Access block, emergency department (ED) crowding, and ambulance ramping are a modern-day epidemic for emergency clinicians. Evidence demonstrates that these phenomena increase patients’ length of stay (LOS) and contribute to increased patient morbidity and mortality, whilst annual national reports show that EDs are busy places that keep getting busier.
There has been heavy investment in government initiatives and patient flow management systems, but ED LOS rates continue to exceed targets. Tasmania is no exception to this trend. The Launceston General Hospital (LGH) serves a population of approximately 143,500 and has been experiencing steadily climbing admission rates. Average ED LOS was 22.5 hours for patients admitted to the LGH in 2016-17, whilst the average ED LOS for all patients was around 4 hours longer than the national average.
This project aimed to identify “bottle necks” that contribute to crowding in the ED. Observational data was collected over four consecutive 24 hour periods to measure and track the mean time spent at each stage of the patient journey through the ED at the LGH. More than 350 patient journeys were tracked and key time points in service delivery recorded. Qualitative data obtained from a focus group with the nursing students who undertook the observational data collection provides unique insights into what was done well in the ED and the processes that could be improved. This presentation will focus on the key findings from the project, particularly the identified delays in patient flow through and out of the ED. Recommendations for improvement of service delivery will be discussed.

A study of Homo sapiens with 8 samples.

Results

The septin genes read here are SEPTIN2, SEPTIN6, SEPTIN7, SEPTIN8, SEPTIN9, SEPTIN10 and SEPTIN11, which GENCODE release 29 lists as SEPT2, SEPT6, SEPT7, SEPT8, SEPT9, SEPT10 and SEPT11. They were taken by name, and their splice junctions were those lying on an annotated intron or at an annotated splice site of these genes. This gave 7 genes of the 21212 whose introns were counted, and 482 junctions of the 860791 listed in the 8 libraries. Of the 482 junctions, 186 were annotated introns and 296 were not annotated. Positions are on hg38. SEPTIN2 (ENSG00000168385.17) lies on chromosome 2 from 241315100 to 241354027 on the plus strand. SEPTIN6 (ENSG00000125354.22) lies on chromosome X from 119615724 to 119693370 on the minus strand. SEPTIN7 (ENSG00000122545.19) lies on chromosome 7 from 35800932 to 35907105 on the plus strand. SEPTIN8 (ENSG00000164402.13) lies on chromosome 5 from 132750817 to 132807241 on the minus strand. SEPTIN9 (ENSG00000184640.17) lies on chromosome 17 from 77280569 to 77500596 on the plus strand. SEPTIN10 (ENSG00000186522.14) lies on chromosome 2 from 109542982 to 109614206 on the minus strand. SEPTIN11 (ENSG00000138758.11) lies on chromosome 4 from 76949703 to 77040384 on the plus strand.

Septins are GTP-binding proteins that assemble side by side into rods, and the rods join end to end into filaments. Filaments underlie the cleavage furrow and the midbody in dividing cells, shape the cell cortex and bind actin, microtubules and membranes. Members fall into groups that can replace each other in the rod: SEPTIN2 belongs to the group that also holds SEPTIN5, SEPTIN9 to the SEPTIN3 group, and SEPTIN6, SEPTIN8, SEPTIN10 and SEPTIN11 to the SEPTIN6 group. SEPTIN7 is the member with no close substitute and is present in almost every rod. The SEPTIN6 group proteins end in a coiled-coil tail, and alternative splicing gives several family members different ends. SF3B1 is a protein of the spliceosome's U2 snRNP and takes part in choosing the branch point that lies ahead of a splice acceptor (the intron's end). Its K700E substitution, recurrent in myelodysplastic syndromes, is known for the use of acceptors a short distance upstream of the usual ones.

Ms Alex Pryce
Alex Pryce is a Registered Nurse and Associate Nurse Unit Manager (ANUM) at the LGH ED. Alex is currently undertaking this project as a part of her Bachelor of Nursing with Honours program, under the supervision of Dr Damhnat McCann and Ms Maria Unwin. Alex lives in Launceston and enjoys camping with her young family, lego building, mountain biking and running. In her spare time she dabbles in tutoring for the School of Health Sciences and assisting in the high fidelity simulation lab for the Launceston Clinical School.